The ‘Common Web Design’ Case Study: An introduction and brief plan

Background

In January 2010, I joined the University of Lincoln’s Online Services Team (OST) in the IT Services  department (IT). One of the first projects I worked on alongside Nick Jackson was Posters at Lincoln, a repository and showcase for posters displayed around the university. This project, along with others, came out of a student focus group about improving student communications run by Marketing and IT.

At the time I was also doing some freelance work for the Careers and Employability department and I did some speculative design for a new corporate home page, so I was already aware of the university’s branding guidelines and had begun to work on a much more modern design than the one employed by IT at the time.

Posters at Lincoln was the first of a number of websites due to be developed at the time by OST and we recognised that this was an opportunity to create a new presentation for our websites and services. Out of the speculative design I’d worked on for the corporate site we created the Common Web Design (CWD). We dubbed it version “2.0” because there had been a sort of common design before however it was a hack, and was only similar in terms of its colour scheme and placement of the university’s logo.

 

CWD 2

Screenshot of CWD2

Over the course of the next year this design was refined, introducing more and more features of the modern web such as CSS3 and geolocation, and we worked hard on making the design render as beautifully as possible on Internet Explorer and even forayed into responsive design with a basic mobile layout for small screen devices.

Mobile CWD 2

An early mobile version of the CWD2

Over the course of the next year the CWD 2 design was rolled out to about 25 websites and services and I developed a WordPress theme which became the new default theme and is today used by hundreds of blogs on our network.

 

The default WordPress theme (CWD 2)

The default theme for the university's WordPress platform (CWD2)

We also rolled out three major updates to CWD2, v2.1 “Balblair” which contained many bug fixes for Internet Explorer, v2.2 “Caperdonich” which introduced some CSS3 drop shadows, gradients and border images and finally v2.3 “Dallas Dhu” which had a responsive design and introduced geo-location lookup and enhancements for newer browsers.

Our work on the JISC funded Total ReCal project led me to start exploring alternative designs because one of the frustrating aspects of the CWD2 layout was that the content was contained in a box and try as I might I couldn’t make an elegant web application in such a small space. I spent hours playing with alternative design and was heavily inspired by the BBC’s new GEL framework.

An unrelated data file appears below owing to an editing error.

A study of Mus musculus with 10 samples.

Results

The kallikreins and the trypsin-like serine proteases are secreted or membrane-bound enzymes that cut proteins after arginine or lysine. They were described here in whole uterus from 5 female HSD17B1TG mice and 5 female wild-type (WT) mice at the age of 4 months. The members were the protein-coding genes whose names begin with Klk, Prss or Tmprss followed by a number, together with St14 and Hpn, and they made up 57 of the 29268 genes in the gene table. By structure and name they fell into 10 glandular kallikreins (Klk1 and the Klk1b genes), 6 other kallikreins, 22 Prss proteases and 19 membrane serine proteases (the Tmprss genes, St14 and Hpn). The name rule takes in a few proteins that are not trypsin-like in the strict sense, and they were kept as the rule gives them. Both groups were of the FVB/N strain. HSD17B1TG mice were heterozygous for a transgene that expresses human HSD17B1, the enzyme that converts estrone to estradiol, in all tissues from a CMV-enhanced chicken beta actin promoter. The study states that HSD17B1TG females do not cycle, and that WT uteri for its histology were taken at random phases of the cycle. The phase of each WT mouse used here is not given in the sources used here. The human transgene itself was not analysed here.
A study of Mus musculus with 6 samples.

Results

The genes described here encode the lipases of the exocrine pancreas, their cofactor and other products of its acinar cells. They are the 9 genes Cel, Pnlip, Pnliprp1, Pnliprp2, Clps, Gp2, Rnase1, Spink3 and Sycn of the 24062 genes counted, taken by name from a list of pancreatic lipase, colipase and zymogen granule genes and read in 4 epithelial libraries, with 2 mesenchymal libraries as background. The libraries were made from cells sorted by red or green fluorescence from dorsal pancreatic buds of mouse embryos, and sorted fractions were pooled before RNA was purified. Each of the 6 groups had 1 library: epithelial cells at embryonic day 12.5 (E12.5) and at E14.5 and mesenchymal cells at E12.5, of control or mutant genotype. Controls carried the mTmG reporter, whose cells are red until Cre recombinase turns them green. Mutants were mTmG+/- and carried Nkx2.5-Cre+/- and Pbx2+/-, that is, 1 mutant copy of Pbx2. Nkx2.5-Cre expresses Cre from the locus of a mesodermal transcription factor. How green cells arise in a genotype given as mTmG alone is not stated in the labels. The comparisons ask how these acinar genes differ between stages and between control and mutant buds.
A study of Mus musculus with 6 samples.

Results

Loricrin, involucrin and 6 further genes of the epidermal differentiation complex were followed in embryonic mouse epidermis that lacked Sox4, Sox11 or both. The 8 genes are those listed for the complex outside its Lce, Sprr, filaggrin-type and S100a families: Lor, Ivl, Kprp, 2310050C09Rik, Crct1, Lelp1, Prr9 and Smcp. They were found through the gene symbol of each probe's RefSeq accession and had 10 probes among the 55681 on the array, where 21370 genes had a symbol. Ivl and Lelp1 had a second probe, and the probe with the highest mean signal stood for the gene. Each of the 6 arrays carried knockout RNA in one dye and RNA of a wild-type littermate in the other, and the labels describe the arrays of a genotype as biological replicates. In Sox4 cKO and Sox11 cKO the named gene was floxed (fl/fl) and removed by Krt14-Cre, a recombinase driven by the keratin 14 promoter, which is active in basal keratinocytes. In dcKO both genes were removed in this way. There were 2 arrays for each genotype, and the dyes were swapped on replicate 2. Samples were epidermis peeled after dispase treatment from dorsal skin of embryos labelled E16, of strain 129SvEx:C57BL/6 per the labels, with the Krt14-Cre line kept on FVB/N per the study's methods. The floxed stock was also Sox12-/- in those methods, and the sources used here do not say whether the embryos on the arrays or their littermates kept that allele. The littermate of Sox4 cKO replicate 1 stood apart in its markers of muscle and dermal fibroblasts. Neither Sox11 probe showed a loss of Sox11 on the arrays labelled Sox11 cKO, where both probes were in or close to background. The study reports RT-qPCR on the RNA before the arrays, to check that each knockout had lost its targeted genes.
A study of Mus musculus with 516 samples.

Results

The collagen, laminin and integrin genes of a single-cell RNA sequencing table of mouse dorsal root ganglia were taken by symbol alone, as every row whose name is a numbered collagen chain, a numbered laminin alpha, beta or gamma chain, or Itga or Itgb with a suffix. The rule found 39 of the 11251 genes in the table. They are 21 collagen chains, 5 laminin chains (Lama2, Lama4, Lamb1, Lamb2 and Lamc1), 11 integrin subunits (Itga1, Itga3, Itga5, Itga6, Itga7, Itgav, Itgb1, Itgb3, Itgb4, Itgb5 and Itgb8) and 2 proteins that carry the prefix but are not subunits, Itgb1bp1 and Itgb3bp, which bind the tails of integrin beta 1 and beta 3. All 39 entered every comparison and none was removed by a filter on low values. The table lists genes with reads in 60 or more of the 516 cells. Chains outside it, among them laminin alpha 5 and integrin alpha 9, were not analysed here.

In early 2011, I rolled out CWD v3.0 “Fettercairn” (v2.4 “Edradour” sadly never saw a public deployment), which featured a brand-new responsive design, was HTML5 at the core, exploited new features of CSS3, worked in all modern browsers and was supported back to IE7. It had a flexible grid system that wasn’t contained in a box so the number of potential designs we could develop significantly increased and had some awesome CSS helper classes to achieve beautiful, flexible and clean designs. Finally I worked hard on improving the accessibility of the framework by using WIA-ARIA attributes on the HTML mark-up and developing guidelines for writing for and designing websites.

 

CWD3.0

The CWD v3.0

We’ve since moved CWD3 to Rackspace Cloud Files content delivery network (CDN) which uses the Akamai network; the CSS, JS and images are served from a lightening fast service with edge nodes across the world which on mobile networks makes such a difference.

Going forward, for my dissertation I’m going to be working on improving the accessibility with roaming display preferences, and Nick is exploring hooking up sites to our future messaging framework (similar to Facebook notifications but across all CWD3 based sites).

I think one important approach that we took with the CWD is that we didn’t design it for the lowest common denominator (i.e. IE7, our corporate browser), instead we tried to push the modern browsers into showing off their new features and ensured that the design and features gracefully degraded. At the end of the day, Nick and I aren’t designers but the CWD has enabled us to rapidly develop websites and applications that have consistent branding, a clean design, and browser compatibility and accessibility baked in.

Case Study Plan

For this case study we’re going to document our implementation of our new Gateway site which uses CWD3. The current Gateway site is one of most used websites and receives hundreds of thousands of hits a month. We’ve worked hard on ensuring compatibility across both desktop and mobile browsers, improved accessibility and hooked up external services such as weather feeds and local transport services to provide a useful and feature rich service.

The university Gateway page

The university 'Gateway' page. The most popular page on our corporate web site

Over a series of blog posts I’m going to cover the decisions that were made in designing accessible HTML markup, the CSS features that we take advantage of, the JavaScript frameworks we use including our geo-location lookup service, our approach to responsive and gracefully degrading designs, and finally how all of this benefited us in our implementation of the new Gateway. These blog posts will then be used to develop our case study.